In Wayman’s Terms pt. 2

Written by Joseph Watson. Media by Max Gensler. [divide]

Picture/Media by Max Gensler



1. What are some ways that people can get deeper into reading and learning more about theology?


Dr. Wayman: One of my favorite books right now for learning about God is Ron Heine’s Classical Christian Doctrine. It’s a great place to start. It’s an accessible introduction to the major beliefs Christians hold about the Trinity, creation, covenant, Jesus, the church, last things, etc. – teachings that were established in the first four centuries of the church. I’d also suggest reading the four Gospels; if you’re a careful reader, you’ll be begging for some guidance and theology to help you make sense of the four portraits of Jesus in Matthew, Mark, Luke, and John. The proper aim of theology, though, is friendship with God. Theology and devotion go together.



2. How do you think learning and exploring theology helps the average Christian grow in their faith?


Dr. Wayman: Learning about God – and specifically, God revealed in Jesus – can help Christians learn how to be better disciples. To say you don’t need theology, you just believe in Jesus, is to mislead yourself into thinking you don’t believe certain things about Jesus. That’s all theology is: learning how to see and say what Christians believe about Jesus and the difference he makes. And once we get a good sense of who Jesus is and what Jesus does (Christology), then we’ll have a better idea of what it means to follow him and become a friend of God (ecclesiology).


3. Who are some theologians who you look up to, or think are great for beginners in theology?


Dr. Wayman: Stanley Hauerwas and Sam Wells are top-tier, for sure. Their writings can be dense at times, so beginners can also check out Sam Wells’ sermons at St. Martin-in-the-Fields. I have learned a lot from so many others, but to name just a few: Justo Gonz√°lez, Frances Young, and Robert Wilken. Athanasius, John Chrysostom, and the Cappadocian Fathers are among my favorite¬†early theologians.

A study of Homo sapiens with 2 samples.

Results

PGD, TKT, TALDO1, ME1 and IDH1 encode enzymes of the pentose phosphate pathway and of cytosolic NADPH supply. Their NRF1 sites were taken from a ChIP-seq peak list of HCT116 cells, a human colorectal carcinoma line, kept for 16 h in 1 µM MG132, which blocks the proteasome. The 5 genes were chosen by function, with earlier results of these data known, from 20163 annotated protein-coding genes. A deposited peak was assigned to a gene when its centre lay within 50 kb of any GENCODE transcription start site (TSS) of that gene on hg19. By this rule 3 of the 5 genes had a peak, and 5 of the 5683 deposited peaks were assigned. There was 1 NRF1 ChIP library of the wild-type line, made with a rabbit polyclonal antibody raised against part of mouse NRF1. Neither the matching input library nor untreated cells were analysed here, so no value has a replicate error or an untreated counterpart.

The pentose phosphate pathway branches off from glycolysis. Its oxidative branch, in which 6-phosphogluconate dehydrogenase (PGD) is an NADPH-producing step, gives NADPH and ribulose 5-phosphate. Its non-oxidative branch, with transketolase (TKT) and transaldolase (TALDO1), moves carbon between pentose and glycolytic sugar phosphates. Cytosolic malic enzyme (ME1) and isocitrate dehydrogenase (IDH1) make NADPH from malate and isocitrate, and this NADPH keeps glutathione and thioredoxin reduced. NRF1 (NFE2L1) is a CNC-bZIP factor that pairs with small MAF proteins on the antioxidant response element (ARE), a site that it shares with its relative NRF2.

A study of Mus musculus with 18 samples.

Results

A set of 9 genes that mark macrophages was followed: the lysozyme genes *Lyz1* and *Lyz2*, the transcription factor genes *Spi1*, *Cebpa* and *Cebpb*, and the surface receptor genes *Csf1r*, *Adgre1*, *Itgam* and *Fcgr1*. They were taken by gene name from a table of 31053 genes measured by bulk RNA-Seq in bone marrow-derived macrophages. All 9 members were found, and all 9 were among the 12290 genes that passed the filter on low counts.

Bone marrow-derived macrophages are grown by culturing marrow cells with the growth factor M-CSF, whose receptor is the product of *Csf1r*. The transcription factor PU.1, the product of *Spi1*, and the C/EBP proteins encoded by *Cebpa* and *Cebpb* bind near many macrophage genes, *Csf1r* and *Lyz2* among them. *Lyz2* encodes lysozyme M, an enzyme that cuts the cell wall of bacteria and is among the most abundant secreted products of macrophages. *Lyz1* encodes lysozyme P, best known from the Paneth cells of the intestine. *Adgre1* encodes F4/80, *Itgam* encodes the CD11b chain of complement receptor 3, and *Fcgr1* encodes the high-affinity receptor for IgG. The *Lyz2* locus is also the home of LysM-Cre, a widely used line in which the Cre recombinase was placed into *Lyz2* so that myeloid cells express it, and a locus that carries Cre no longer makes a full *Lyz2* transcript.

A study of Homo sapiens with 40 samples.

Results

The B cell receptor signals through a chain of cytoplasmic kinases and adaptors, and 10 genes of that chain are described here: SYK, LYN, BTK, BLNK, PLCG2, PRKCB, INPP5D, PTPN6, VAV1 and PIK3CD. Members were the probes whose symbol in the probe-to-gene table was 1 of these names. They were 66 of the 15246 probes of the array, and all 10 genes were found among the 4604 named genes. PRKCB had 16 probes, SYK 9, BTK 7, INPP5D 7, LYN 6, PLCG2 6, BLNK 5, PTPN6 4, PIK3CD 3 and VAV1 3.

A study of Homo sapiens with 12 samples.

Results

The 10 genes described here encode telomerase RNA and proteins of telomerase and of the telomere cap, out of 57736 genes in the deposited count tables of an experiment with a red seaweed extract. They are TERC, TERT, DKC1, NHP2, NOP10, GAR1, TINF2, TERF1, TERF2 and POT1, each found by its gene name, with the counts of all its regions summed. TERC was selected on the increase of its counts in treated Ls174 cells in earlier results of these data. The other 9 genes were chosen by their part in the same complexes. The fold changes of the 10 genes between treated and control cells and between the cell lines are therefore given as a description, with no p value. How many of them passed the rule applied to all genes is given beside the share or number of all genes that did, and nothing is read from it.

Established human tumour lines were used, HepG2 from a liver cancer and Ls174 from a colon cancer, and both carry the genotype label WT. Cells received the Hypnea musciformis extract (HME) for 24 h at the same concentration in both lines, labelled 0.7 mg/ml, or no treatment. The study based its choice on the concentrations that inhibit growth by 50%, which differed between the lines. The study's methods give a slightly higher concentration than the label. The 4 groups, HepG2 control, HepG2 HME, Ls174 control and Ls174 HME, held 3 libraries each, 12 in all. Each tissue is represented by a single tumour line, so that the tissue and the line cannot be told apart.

Photo by Max Gensler


deeper stuff wayman
by Max Gensler


1. How do you think the relationship between the perception of The Kingdom we see in the gospels versus the church we see today? What do you think are some positives, and negatives?


Dr. Wayman: The church, when faithful, is always straining to see and live in the kingdom of God. When we’re at our best, we’re taking risks and embracing the adventure and surprise of following Jesus the best we can. When the church is getting it right, it’s still making mistakes, but it’s being honest about its failures, confessing them, being forgiven, and then restored, and trying to follow Jesus all over again. When the church is at its worst, it’s sold out to a false gospel that promises good news but only delivers recycled common sense and consumer-friendly products in the service of other gods. Bonhoeffer calls this cheap grace; I call it a fake church. Fortunately, God can (and does) work through anything.


2. I think a lot of people have a wide variety of answers when it comes to this next question. What do you think the bible means when it says “New Heavens and New Earth” and how does that factor into the Christian’s everyday lifestyle?


Dr. Wayman: I’d go to N.T. Wright for this question. He’s one of the best biblical theologians today. Key texts for new creation/new earth are Romans 8, 2 Corinthians 5, and Revelation 21. The Bible helps us imagine a new creation that’s full of God’s friends – people who are reconciled and full of love for God and one another, and people who know how to party with God. (God loves to party – just read the Gospels)




3. Finally, what are some practical ways for people to engage higher ideas into their everyday lives. How do we apply some of the more high and abstract ideas to the places of our own context? Of course, this is different for everyone, but how do we know we are applying those ideas correctly?


Dr. Wayman: I guess I’d flip this question on its head. What are some practical ways to love God better, to love the people you live with, work with, and bump into every day? I think this question is what theology is trying to address. I’m not too interested in engaging ‘higher ideas’ for its own sake. Theology is no use if it doesn’t help us love God and others better; good theology does this. So for example, the doctrine of the Trinity is not about trying to engage high ideas; it’s about trying to make sense of what it means to believe in one God and worship Jesus. Our practical, everyday lives of discipleship drive us into theology. You can’t escape it! Christians are theologians whether they like it or not; and for those who don’t like it, they’re probably bad ones.

As for application, it’s always an improvisation. The good news is, we know how the story ends (new creation and life with God – both of which God brings about), so in the meantime we have the freedom to fail. Faithfulness is about being daring enough to follow Jesus, wherever he may draw us, knowing that sometimes we will get it wrong. But God gives us resources for when we get it wrong so that we can keep following Jesus.